The wait is finally over. The world’s first fully-electric autonomous cargo vessel was unveiled in Norway.
Experts believe it is a small but promising step toward reducing the maritime industry’s climate footprint.
By shipping up to 120 containers of fertilizer from a plant in the southeastern town of Porsgrunn to the Brevik port a dozen kilometres (about eight miles) away, the much-delayed Yara Birkeland, shown off to the media on Friday, will eliminate the need for around 40,000 truck journeys a year that are now fuelled by polluting diesel.
“Of course, there have been difficulties and setbacks,” said Svein Tore Holsether, chief executive of Norwegian fertiliser giant Yara.
“But then it feels even more rewarding to stand here today in front of this ship and see that we were able to do it,” he said, with the sleek blue-and-white vessel moored behind him in an Oslo dock, where it had been sailed for the event.
The 80-metre, 3,200-deadweight tonne ship will soon begin two years of working trials during which it will be fine-tuned to learn to manoeuvre on its own.
The wheelhouse could disappear altogether in “three, four or five years”, said Holsether, once the vessel makes its 7.5-nautical-mile trips on its own with the aid of sensors.
“Quite a lot of the incidents happening on vessels are due to human error, because of fatigue for instance,” project manager Jostein Braaten said from the possibly doomed bridge.
“Autonomous operating can enable a safe journey,” he said.
While the distance the Yara Birkeland will cover may be short, it will face many obstacles.
It will have to navigate in a narrow fjord and sail under two bridges while managing currents and heavy traffic from merchant ships, pleasure craft and kayaks, before docking at one of Norway’s busiest ports.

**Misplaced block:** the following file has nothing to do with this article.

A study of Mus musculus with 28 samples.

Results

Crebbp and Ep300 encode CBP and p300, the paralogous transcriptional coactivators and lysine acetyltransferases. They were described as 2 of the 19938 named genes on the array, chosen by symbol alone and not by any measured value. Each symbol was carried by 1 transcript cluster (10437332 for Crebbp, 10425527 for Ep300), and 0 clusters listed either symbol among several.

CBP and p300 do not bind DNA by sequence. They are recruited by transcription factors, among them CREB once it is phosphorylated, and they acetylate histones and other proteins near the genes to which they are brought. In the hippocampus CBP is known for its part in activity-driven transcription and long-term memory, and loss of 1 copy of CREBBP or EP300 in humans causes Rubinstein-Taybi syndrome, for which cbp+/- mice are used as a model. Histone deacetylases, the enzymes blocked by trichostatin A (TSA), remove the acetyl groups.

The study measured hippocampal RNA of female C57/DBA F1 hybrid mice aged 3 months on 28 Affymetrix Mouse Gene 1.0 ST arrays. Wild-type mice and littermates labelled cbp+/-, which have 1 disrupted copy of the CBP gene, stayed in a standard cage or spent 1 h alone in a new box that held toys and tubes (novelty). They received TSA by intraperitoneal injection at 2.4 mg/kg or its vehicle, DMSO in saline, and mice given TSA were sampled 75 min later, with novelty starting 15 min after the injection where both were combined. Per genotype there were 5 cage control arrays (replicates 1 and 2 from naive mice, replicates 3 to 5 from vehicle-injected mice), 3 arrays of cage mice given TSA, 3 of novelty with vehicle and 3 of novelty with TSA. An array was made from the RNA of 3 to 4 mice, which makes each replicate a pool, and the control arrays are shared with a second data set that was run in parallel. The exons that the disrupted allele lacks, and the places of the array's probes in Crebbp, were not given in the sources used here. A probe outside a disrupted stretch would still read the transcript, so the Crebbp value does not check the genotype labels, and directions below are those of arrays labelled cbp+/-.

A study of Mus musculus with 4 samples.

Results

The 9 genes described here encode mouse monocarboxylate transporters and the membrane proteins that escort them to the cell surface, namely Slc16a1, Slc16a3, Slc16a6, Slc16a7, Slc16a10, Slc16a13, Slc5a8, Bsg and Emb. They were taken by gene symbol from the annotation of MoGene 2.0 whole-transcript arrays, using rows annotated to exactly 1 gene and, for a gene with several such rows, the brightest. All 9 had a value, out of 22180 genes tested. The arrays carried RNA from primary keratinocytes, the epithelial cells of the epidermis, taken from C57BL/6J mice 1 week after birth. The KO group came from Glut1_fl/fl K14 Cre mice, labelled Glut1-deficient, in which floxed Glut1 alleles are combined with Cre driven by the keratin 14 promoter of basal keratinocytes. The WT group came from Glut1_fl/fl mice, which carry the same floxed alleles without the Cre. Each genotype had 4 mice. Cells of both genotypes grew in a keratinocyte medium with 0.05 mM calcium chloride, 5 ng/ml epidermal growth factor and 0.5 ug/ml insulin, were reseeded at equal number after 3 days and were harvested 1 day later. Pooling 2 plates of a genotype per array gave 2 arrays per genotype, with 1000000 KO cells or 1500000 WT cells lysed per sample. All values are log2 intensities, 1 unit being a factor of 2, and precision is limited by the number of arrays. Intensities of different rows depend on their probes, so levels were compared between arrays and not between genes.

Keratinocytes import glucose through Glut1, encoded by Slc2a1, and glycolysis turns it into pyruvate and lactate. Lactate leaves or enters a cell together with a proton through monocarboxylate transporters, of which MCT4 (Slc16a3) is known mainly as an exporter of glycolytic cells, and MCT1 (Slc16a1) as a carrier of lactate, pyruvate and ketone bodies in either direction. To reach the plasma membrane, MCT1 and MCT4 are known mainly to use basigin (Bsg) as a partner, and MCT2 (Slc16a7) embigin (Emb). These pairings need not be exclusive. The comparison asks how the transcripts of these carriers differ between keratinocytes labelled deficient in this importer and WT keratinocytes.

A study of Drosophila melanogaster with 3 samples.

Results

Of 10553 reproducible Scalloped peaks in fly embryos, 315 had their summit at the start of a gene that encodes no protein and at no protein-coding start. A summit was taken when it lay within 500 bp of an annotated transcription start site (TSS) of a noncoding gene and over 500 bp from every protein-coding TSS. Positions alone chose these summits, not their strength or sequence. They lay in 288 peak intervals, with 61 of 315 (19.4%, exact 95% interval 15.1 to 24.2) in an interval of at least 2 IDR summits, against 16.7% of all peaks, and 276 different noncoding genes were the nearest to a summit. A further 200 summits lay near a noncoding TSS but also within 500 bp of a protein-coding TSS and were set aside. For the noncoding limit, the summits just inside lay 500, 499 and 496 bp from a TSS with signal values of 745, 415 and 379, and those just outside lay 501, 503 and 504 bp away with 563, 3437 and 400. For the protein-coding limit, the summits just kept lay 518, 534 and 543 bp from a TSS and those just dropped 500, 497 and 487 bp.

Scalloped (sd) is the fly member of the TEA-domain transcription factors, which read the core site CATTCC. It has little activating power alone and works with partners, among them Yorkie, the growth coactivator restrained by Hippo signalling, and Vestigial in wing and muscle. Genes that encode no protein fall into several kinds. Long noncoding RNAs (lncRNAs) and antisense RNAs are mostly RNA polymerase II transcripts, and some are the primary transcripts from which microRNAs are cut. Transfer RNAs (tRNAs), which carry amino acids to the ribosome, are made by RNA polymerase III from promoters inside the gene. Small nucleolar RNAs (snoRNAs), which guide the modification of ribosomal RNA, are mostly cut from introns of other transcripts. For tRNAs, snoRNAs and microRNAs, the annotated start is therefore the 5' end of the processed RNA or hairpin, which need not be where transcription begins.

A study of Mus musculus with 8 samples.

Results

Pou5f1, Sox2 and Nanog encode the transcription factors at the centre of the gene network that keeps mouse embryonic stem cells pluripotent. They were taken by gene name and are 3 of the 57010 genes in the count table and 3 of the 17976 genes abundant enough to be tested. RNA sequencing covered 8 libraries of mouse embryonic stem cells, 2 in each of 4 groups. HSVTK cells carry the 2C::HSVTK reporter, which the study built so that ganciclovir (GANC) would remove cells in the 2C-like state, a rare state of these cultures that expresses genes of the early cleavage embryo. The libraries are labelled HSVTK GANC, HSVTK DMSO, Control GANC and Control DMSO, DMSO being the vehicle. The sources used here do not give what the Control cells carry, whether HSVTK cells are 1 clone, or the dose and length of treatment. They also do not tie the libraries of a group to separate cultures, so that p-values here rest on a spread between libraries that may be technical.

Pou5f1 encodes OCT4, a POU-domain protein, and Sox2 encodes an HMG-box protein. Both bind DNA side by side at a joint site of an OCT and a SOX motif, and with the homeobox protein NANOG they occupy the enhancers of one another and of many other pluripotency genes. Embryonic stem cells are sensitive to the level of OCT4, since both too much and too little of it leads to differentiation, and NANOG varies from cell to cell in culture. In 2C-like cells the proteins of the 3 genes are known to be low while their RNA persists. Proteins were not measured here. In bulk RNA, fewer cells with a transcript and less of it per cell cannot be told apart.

The next few months will be a learning period.
“First of all, we have to detect that there’s something there. We have to understand that it’s a kayak, then we have to determine what to do with that,” said Braaten.
“Currently, large vessels don’t do much with a kayak. They can’t do much. They can warn, but they cannot manoeuvre away” or reverse to avoid an incident.
Autonomous navigation will require a new set of regulations that do not exist yet.
On board the Yara Birkeland, the traditional machine room has been replaced by eight battery compartments, giving the vessel a capacity of 6.8 MWh — sourced from renewable hydroelectricity.
“That’s the equivalent of 100 Teslas,” says Braaten.
The maritime sector, which is responsible for almost three percent of all man-made emissions, aims to reduce its emissions by 40 per cent by 2030 and 50 per cent by 2050.
Despite that, the sector has seen a rise in recent years.
International and domestic shipping and fishing combined, the industry emitted more than one billion tonnes of greenhouse gases in 2018, up from 962 million tons in 2012, according to the latest figures from the International Maritime Organization.
By itself, the Yara Birkeland’s contribution to global climate efforts will be just a drop in the ocean — eliminating 678 tonnes of carbon dioxide per year churned out by the redundant trucks.
And experts don’t expect electric vessels to become a universal solution for the industry any time soon.
“Electricity has a ‘niche’ use, in particular for ferries as these are often short and stable routes, possibly on coastal and river transports. But it’s not well-adapted for long ocean crossings,” said Camille Egloff, a maritime transport expert at Boston Consulting Group.
“Not only would (a vessel) need to be autonomous for long distances but you would also have to equip ports with battery chargers. So there are technical and infrastructure challenges that would need to be coordinated,” she said.
While dozens of electric ferries already criss-cross the fjords of Norway — a major oil and gas producer which is paradoxically also a leader in electric transport — ocean liners will have to rely on other technologies to go green, such as LNG, e-methanol and hydrogen.